The Serbian Government puts a price cap on basic foodstuffs

Inflation is getting serious – And the Ministry of Trade decided on a new policy to answer it.


Minister of Trade Ms. Tatjana Matic said that the Government would extend this measure after the deadline if necessary. The price limit applies to sugar, T-400 type flour, sunflower oil, pork leg and UHT milk with 2.8% milk fat. “By introducing this regulation, the prices of the above-mentioned products in the next 2 months must not exceed the price level of November 15 of this year,” Ms. Matic expalined.

The Minister added that the measure was necessary in order to protect the citizens’ standard of living, since in the structure of daily consumption of food products, the largest part of the costs refers to the items covered by this decision.

According to the Serbian government, the food price cap regulation is a reaction to news of the price increase of basic foodstuffs, as well as raw materials, some of which are at their 10-year high.

The government’s decision stipulates that the producers must not deliver these products in quantities less than the average of the last 12 months. Violations can be fined for an amount between €850 to €17.000. In addition, noncompliance can be penalized by a ban on activities for a period between 6 and 12 months.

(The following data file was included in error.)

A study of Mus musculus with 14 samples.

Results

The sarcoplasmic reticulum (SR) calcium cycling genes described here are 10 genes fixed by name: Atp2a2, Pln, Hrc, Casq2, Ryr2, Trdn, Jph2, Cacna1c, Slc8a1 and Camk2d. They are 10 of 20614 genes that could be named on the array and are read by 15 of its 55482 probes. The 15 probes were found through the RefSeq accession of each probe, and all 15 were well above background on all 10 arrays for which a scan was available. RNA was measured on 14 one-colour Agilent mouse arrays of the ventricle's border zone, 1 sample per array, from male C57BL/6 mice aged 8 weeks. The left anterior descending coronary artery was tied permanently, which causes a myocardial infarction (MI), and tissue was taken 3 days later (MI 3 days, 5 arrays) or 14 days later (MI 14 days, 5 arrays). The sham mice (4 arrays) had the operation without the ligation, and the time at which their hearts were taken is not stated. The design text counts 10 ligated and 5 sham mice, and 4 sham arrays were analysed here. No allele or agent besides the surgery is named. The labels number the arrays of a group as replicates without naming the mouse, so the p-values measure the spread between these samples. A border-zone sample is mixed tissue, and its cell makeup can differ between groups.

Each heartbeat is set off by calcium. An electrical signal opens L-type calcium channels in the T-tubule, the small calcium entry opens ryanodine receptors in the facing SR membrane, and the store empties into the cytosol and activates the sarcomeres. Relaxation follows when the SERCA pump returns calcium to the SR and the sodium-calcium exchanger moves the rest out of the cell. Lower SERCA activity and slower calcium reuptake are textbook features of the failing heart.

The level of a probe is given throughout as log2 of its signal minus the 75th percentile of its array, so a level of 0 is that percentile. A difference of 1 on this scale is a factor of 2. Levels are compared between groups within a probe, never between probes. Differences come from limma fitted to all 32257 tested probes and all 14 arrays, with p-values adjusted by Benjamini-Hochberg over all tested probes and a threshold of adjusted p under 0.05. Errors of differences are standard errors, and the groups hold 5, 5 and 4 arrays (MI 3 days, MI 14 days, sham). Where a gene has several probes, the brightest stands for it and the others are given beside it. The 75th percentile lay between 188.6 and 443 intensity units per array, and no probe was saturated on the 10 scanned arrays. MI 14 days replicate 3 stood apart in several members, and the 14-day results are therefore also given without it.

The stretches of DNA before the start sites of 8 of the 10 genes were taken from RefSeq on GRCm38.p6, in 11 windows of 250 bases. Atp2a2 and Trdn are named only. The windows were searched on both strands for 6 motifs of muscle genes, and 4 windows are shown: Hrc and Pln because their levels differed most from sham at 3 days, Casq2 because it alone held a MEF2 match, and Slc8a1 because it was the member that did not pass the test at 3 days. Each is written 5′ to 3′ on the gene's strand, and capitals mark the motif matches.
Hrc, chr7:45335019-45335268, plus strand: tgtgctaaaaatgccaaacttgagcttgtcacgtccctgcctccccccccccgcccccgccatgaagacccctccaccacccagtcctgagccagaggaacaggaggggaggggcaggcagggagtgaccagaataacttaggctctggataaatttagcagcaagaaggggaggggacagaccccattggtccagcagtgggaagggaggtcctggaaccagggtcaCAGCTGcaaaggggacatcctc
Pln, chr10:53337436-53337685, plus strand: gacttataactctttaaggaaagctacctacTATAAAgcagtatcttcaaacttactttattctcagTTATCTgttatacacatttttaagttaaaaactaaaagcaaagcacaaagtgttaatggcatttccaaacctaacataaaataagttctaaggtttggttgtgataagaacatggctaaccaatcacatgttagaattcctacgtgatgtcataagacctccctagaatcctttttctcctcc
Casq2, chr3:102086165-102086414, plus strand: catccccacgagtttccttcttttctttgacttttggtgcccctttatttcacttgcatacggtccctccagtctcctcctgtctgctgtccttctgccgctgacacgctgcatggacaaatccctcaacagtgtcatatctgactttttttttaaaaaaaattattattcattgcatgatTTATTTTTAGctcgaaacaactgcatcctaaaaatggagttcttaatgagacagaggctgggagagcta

Professor of Economics at the FEFA Faculty in Belgrade Mr. Goran Radosavljevic commented that on the decision that the Serbian government’s strategy was lacking the measures that a well-thought-out policy designed to fight inflation would include.

Professor Radosavljevic told the Beta news agency that the problem of the Government is that it first denies certain problems, and then, due to lost time, makes decisions that have much bigger consequences than timely reactions would have had.

“When inflation was 4.5%, they acted as if it did not exist, and when it rose to 6.6%, they admitted the issue. However, in these circumstances, it is necessary to react by using the Commodity Reserves, and if that doesn't work, decide on the following measures,” said Professor Radosavljevic.

The professor also added that he wondered what the Government would do in two months’ time when the deadline for freezing prices will expire and inflation does not stop, since apparently it cannot while prices are rising even faster.

“I do not know what purpose do the Commodity Reserves serve and what they contain. They should be used to stop large price fluctuations, to buy goods when there are surpluses on the market and to generate demand, or react to fluctuations by releasing basic products when prices rise,” the professor explained and reiterated that the price limitation is applied when all other measures have been exhausted.